Can we predict outcomes of ADHD in adults?

Mental Health
ADHD in adults


How does attention-deficit/hyperactivity disorder (ADHD) shape the course of a child’s future? This is an important question with many unknown variables. In a recent study, American doctors and researchers wanted to identify early signals of future behaviors among individuals with ADHD. The researchers had several theories on how adults with ADHD in childhood functioned in their careers, social circles, and overall well-being, but they would only be able to gain accurate predictors by following up on individuals as they grew older.

For the prospective, long-running study, they included 207 Caucasian boys with an average age of 8 years old with the aim to predict their functioning at ages 18, 25, and 41 years old. The researchers selected these participants based on past documented behavioral problems in the classroom or learning disabilities related to lower verbal intelligence scores. The boys were of middle and lower-middle class socioeconomic status. At the final follow-up, the researchers interviewed 126 participants. The researchers used this data to build their findings, which were published in the Journal of the American Academy of Child & Adolescent Psychiatry.

Their findings were based on several variables over the course of a participant’s journey to adulthood; educational and occupational attainment and functioning showed their accumulated years of learning and job history. Social functioning showed how the subjects participated in social activities like sports participation, travel, and dating history.

The results were in line with the researchers’ initial theories, but not every variable measured could be directly related to ADHD as a predictor in the early years. Conduct problems in childhood were associated with a lower educational attainment overall. Job performance improved over time as each age marker was reached, which is most likely due to gaining experience and skills in a job. Childhood IQ was shown to lead to better career paths and opportunities. Those who excelled in social functioning did so partly because of higher IQ and partly because of adolescent job functioning (where skills and knowledge are more likely to make an impact).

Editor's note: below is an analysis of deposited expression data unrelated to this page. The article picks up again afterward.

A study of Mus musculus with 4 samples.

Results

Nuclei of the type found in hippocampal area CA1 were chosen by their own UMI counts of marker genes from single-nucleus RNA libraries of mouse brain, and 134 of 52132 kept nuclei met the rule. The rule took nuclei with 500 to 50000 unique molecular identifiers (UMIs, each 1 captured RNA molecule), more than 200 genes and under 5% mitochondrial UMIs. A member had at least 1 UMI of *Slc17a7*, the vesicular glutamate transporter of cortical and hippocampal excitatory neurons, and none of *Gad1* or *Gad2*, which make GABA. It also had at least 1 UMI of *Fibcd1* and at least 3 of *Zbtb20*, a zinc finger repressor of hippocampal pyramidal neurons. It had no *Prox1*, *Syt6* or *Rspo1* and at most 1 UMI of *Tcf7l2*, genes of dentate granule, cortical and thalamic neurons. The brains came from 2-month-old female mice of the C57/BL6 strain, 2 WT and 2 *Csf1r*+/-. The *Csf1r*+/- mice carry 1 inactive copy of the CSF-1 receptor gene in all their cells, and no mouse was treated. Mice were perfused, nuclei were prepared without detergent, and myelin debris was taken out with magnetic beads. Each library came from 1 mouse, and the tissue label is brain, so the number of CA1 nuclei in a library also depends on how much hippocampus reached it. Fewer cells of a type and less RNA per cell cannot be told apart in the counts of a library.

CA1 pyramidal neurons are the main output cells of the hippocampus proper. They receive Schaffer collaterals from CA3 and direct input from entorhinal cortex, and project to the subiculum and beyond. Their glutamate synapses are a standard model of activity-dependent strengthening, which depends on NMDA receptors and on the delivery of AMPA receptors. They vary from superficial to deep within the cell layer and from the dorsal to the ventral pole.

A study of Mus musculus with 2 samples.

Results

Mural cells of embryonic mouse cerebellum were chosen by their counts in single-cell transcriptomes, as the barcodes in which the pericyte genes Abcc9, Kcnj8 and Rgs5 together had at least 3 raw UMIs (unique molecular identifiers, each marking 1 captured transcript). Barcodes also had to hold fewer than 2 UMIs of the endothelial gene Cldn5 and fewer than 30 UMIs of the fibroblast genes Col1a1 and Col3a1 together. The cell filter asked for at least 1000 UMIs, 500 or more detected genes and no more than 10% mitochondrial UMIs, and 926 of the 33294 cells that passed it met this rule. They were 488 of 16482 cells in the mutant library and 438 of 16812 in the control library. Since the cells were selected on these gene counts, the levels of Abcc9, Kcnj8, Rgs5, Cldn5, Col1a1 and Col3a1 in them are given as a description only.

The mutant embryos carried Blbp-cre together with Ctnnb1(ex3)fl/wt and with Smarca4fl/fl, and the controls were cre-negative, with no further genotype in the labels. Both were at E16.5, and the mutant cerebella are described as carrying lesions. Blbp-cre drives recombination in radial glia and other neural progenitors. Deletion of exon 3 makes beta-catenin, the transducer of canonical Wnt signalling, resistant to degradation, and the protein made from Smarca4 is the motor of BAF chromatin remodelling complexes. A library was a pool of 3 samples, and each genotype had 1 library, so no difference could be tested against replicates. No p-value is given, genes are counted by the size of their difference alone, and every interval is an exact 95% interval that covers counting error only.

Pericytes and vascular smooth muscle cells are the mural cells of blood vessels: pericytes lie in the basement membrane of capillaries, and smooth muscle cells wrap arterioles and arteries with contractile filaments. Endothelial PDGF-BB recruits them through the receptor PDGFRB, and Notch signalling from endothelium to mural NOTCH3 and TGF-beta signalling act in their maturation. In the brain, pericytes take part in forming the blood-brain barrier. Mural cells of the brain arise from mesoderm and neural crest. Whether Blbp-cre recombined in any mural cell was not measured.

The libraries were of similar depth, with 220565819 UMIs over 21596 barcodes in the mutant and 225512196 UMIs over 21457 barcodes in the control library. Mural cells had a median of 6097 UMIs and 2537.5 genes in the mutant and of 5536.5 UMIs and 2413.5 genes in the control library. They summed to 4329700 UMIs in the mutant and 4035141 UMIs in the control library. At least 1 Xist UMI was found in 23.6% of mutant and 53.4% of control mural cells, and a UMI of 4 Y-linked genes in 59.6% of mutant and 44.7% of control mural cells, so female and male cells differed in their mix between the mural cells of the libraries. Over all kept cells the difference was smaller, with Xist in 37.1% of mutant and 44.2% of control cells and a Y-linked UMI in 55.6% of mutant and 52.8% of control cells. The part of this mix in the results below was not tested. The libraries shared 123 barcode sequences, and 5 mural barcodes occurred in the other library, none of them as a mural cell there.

Overall, the outcomes of the subjects’ lives varied in a way that was not statistically significant to definitely nail down early predictors of future hardships. While the researchers inferred a few weak connections, the strongest factor that influenced all outcomes was the IQ level of the children.

Finding early predictors at such a young age continues to be difficult, but the authors of this study hope future research will improve on the data they have gathered. Meanwhile, researchers outline a call-to-action to prevent negative growth as children age: better goal-oriented systems and educational planning are needed to facilitate better functioning in all areas of ADHD in adults.

Written by Cooper Powers, BSc

Reference: Ramos-Olazagasti, M.A., Castellanos, F.X., Mannuzza, S., Klein, R.G. (2018). Predicting the Adult Functional Outcomes of Boys With ADHD 33 Years Later. Journal of the American Academy of Child & Adolescent Psychiatry, 57(8): pp 571-582.